I was at a party the other day when who should accost me but Jeremy Clarkson. There were lots more famous and interesting people in the room, including the surviving half of Wham!. But Clarkson was itching to talk to me about, of all things, a review I’d written of a BBC reality series called This Is My House. He was genuinely mystified as to why I’d given such tosh a favorable critique.

Having just watched his new series, Clarkson’s Farm, I now understand his puzzlement. Since late 2019, Clarkson has been playing at being a farmer on his 1,000-acre Oxfordshire estate. And when you’re a farmer — even a gentleman amateur who doesn’t need the income — you simply haven’t the time to lounge in front of the box, as most of us do, gawping in tongue-lolling idiocy at whatever random crap is flickering on the screen. You’re still out in the field till all hours, desperately trying to get your seeds drilled before the heavens open again. Or retrieving lost sheep. Or measuring the circumference of your prize ram’s testicles.

Quite how much of this amusing visual material was staged or scripted we can only speculate. But given that everything on screen is a lie or a fabrication, my guess would be: a lot. Not that it matters though. One of the reasons Clarkson got to be rich enough to be able to buy up swathes of the Cotswolds is that he really is exceptionally good at what he does: conveying all manner of fascinating information while pretending to be a complete arse.

Take his choice of tractor. Clarkson being Clarkson it has to be a Lamborghini. Cue various rustic types rolling their eyes and telling him it’s far too big for the job in hand. But Clarkson is adamant and won’t take advice from all these pesky bumpkins with their unintelligible accents and their years of hard-won experience. If he can find a short cut, he’ll take it.

One of these wheezes briefly seems to work. Instead of a trained sheep dog (£20,000!), he thinks he can round up his newly acquired flock of sheep with a drone (including a loudspeaker that makes barking noises). All goes swimmingly until the sheep decide they’re no longer interested in being herded by the drone, sometimes staying resolutely immobile as the recorded dog yaps above them, sometimes stampeding over a stretch of his 40 miles’ worth of dry-stone estate walls and leaving a pile of rubble.

His most irresponsible moment, though, is during his seed drilling. It’s peaceful and beautiful but very monotonous, especially the bit at the end of each run where you have to do a three-point turn so that your furrows align. Clarkson decides he’s going to do it in sweeping curves instead, hoping he can make it match up later. But he has made a fatal rookie error so egregious and basic it’s almost unimaginable he wasn’t forewarned.

The mistake is this. When sowing crops like wheat you have to leave blank rows so that, later in the season, the pesticide sprayer can line up and ensure total coverage. (I apologize for my technically inexact terminology. I’m not a farmer either.) There’s a lad by the name of Kaleb who gives Clarkson farming lessons — and when he comes back and sees what Clarkson has done he is genuinely furious.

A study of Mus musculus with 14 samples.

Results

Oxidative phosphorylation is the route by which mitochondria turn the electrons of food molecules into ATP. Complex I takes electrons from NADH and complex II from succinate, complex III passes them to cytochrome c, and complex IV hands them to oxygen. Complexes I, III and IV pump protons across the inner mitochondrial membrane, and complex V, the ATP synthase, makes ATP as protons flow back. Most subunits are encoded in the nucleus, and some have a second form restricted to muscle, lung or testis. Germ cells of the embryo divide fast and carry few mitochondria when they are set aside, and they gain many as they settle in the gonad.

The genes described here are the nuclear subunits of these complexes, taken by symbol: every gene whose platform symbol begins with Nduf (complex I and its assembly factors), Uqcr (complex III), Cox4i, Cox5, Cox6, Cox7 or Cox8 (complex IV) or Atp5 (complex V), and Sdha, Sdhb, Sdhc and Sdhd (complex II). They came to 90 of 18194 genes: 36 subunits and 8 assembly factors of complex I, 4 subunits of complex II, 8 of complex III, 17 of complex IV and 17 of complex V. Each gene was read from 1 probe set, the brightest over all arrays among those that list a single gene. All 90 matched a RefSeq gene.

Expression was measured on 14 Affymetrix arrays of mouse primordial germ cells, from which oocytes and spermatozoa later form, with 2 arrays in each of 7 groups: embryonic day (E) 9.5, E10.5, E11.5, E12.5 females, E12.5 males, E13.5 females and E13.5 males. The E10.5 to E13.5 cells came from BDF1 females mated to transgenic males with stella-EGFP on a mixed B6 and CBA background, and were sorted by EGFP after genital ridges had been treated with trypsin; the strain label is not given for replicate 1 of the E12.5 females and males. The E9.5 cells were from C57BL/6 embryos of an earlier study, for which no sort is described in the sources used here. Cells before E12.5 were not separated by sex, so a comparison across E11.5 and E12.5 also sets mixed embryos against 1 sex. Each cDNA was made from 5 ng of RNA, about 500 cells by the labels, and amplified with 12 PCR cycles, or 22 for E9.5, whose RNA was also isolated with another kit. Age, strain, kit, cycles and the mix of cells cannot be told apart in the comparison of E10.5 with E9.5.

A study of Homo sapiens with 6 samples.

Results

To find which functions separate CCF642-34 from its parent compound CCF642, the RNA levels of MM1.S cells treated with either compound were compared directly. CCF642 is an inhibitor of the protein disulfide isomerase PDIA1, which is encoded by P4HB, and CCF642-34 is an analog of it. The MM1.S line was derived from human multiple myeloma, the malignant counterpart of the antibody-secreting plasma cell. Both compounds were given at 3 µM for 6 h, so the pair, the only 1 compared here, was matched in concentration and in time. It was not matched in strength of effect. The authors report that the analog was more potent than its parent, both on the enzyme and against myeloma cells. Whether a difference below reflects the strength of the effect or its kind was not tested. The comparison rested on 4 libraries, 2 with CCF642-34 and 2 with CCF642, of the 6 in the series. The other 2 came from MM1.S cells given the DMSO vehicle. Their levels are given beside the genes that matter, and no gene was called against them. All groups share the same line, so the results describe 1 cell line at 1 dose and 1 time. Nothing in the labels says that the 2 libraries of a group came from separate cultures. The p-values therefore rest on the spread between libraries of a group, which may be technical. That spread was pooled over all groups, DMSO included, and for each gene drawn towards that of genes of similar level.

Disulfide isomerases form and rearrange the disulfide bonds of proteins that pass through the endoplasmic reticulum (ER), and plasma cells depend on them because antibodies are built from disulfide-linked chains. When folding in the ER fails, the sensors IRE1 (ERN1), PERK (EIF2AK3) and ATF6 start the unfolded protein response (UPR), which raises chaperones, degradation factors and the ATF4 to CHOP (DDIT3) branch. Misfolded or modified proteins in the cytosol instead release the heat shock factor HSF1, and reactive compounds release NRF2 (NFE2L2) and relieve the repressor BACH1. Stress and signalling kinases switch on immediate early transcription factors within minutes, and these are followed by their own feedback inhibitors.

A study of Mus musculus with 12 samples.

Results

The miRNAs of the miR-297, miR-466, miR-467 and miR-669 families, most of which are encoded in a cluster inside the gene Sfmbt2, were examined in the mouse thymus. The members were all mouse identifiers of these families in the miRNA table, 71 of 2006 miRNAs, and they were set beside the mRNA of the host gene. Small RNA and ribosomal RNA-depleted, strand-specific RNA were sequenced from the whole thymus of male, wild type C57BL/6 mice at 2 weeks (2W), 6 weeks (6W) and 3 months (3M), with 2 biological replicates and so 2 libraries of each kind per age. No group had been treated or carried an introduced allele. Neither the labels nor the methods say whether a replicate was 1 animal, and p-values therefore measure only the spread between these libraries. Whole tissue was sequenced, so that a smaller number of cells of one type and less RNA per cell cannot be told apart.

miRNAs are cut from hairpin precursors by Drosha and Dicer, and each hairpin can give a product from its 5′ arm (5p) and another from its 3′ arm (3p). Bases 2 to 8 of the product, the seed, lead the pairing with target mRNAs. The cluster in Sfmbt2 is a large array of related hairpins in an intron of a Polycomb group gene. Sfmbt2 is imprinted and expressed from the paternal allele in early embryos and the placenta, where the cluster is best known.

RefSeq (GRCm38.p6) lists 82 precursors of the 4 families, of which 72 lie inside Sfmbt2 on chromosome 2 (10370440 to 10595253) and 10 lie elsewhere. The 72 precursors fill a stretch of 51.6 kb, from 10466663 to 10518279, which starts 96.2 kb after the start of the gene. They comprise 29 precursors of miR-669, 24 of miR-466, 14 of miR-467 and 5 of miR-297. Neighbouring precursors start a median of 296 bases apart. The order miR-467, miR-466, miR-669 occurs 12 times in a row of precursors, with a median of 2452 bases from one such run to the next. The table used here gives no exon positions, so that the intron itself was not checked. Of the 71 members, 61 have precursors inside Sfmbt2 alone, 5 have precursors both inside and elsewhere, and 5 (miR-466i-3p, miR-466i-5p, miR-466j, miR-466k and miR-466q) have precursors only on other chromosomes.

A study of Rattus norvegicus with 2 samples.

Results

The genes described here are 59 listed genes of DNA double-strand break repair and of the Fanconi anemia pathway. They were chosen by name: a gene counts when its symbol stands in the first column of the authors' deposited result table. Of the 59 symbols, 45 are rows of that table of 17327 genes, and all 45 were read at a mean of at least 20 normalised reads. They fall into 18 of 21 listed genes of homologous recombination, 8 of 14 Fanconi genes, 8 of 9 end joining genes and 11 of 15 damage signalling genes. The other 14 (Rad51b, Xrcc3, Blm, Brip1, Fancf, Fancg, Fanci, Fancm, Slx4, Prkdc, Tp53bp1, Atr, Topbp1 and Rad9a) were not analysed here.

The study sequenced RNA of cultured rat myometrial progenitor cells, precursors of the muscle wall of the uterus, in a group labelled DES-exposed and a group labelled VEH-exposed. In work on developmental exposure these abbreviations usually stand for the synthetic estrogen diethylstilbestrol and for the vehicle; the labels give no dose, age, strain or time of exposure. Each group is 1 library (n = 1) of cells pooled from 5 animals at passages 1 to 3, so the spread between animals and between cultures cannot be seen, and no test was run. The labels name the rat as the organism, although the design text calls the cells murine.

This is another of the series’s great strengths: Clarkson has managed to collect a superb menagerie of rural characters. Kaleb, 21, who doesn’t own a single book but already knows everything there is to know about farming, is the best find. But there are also sundry comedy vets, shepherdesses, lightly disapproving estate managers (they all wear ties, always) and, my other favorite, the dry-stone waller who rambles on as Clarkson nods but who is genuinely incomprehensible.

Perhaps the standout moment of the series so far, though, is its unflinching treatment of the fate of the three ewes with deformities which mean that they cannot safely be tupped. They’re of no use for lambing, obviously; nor can they be kept as just a trio, for sheep need to be in herds. The solution is obvious and inescapable — but Clarkson reaches it only after much angst and soul-searching.

Off he goes to the abattoir with his three ovine friends in the trailer. Having spent the past decade surrounded by sheep, I know how he feels: they are stupid, timid suicide machines but you can grow very fond of them, especially the tamer ones. Part of me wished Clarkson hadn’t included this section: the meat industry is under a big enough threat as it is, without squeamish audiences having their noses rubbed in the necessary ruthlessness of livestock farming and going vegan because they had no idea fluffy sheep had to die to make lamb chops. But it’s definitely worth it for the gloriously Clarksonish pay-off, which I’m not going to spoil because you must watch for yourself. Clarkson’s Farm is first-rate TV.

This article was originally published in The Spectator’s UK magazine. Subscribe to the World edition here.